Jacksonville Climate Change Coalition Looks To Address Its Own Lack Of Diversity
The Jacksonville Resiliency and Climate Change Coalition, a newly formed advocacy group working to raise awareness of the local impacts of climate change and sea level rise, is looking to better engage minority communities.
During Friday’s virtual meeting, coalition member Todd Sack said the group today doesn’t accurately represent all of Jacksonville.
“I’m thrilled to see the leaders here today, but we’re a bunch of white people and we need to be a much more diverse organization,” he told everyone on the Zoom call.
“The steering committee certainly understands the diversity issue and it was glaringly obvious to our steering committee that we are not diverse, and so we recognize that as a real need,” replied St. Johns Riverkeeper Executive Director Jimmy Orth, who’s a member of the coalition’s steering committee.
“Equity is critical in this matter, because obviously the more vulnerable communities are usually the ones that get the least resources,” he went on to say.
Former coalition chair Barbara Ketchum, who is now on the steering committee, said increasing diversity is a priority.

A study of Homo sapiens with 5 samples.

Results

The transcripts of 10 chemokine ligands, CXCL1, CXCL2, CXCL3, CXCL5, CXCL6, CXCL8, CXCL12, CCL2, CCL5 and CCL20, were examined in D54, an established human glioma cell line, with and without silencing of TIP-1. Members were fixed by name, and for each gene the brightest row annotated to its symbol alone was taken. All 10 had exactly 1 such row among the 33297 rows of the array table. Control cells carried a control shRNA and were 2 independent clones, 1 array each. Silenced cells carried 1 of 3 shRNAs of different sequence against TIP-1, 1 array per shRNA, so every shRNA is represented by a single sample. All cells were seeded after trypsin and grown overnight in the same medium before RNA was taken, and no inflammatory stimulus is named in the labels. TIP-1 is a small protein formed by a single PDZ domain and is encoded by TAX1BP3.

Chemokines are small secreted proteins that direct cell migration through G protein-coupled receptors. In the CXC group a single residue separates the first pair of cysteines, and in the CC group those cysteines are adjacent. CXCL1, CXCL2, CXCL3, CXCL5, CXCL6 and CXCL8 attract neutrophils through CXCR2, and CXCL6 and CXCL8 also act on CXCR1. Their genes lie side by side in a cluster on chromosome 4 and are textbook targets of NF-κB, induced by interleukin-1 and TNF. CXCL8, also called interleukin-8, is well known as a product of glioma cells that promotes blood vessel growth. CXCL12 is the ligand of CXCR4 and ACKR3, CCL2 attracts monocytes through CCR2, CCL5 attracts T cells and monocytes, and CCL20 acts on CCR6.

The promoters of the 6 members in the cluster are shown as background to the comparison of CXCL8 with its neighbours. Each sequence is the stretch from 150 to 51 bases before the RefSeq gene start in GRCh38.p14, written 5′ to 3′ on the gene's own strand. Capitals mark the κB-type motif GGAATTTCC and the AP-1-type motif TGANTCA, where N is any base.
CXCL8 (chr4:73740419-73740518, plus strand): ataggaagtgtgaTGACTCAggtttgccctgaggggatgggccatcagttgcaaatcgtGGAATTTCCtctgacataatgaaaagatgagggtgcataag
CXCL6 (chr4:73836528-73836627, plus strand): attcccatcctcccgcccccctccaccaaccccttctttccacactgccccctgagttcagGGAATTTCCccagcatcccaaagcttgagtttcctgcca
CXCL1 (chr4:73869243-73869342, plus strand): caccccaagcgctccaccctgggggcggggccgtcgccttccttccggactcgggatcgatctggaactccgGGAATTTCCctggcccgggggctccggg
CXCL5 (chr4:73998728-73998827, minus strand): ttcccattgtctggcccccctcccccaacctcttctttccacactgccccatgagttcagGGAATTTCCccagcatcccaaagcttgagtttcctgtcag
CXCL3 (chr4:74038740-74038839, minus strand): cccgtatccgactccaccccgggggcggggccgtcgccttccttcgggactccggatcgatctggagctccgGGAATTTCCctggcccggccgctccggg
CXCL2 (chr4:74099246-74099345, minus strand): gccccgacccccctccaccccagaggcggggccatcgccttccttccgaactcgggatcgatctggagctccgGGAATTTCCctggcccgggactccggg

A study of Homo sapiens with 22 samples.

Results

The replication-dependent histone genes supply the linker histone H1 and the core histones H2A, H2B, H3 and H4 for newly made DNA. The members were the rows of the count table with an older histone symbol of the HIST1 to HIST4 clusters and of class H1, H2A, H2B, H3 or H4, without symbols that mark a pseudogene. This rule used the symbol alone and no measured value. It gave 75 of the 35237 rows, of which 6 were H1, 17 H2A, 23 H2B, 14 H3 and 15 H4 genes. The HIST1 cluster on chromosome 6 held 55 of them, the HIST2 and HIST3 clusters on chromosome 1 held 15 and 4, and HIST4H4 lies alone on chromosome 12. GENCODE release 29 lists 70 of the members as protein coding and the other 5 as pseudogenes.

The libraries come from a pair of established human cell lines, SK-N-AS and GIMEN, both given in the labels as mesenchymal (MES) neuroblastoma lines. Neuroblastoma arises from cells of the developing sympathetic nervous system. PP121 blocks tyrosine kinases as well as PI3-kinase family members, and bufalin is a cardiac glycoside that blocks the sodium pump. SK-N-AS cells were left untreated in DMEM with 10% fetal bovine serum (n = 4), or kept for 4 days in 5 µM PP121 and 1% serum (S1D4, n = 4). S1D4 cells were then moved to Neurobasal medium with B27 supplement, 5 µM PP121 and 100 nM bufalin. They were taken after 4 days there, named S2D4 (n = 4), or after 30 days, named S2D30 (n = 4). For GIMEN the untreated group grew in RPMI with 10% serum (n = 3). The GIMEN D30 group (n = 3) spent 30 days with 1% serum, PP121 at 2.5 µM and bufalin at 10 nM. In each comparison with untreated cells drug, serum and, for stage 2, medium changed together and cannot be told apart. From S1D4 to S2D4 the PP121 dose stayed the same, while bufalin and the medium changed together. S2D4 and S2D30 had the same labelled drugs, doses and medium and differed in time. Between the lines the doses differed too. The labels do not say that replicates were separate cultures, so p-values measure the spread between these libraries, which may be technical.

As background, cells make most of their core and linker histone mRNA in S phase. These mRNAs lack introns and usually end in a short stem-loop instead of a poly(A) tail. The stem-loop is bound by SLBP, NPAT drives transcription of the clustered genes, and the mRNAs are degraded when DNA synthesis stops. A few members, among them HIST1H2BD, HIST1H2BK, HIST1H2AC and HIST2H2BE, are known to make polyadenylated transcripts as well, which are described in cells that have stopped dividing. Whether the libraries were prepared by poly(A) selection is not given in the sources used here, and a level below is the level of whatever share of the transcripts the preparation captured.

“The steering committee has been very anxious to have more representation from all of the community and has been working on it,” she said.
As part of that process, the coalition is reaching out for advice from more diverse groups, like the Miami Climate Alliance.
Miami's alliance is a similar coalition of organizations and individuals working in South Florida to prioritize climate justice, which frames climate change as a civil rights issue because poor and minority communities are the most vulnerable to its impacts.
Jeanette Ruiz, a member of the Miami Climate Alliance, gave a presentation on the work the organization is doing during Friday’s meeting.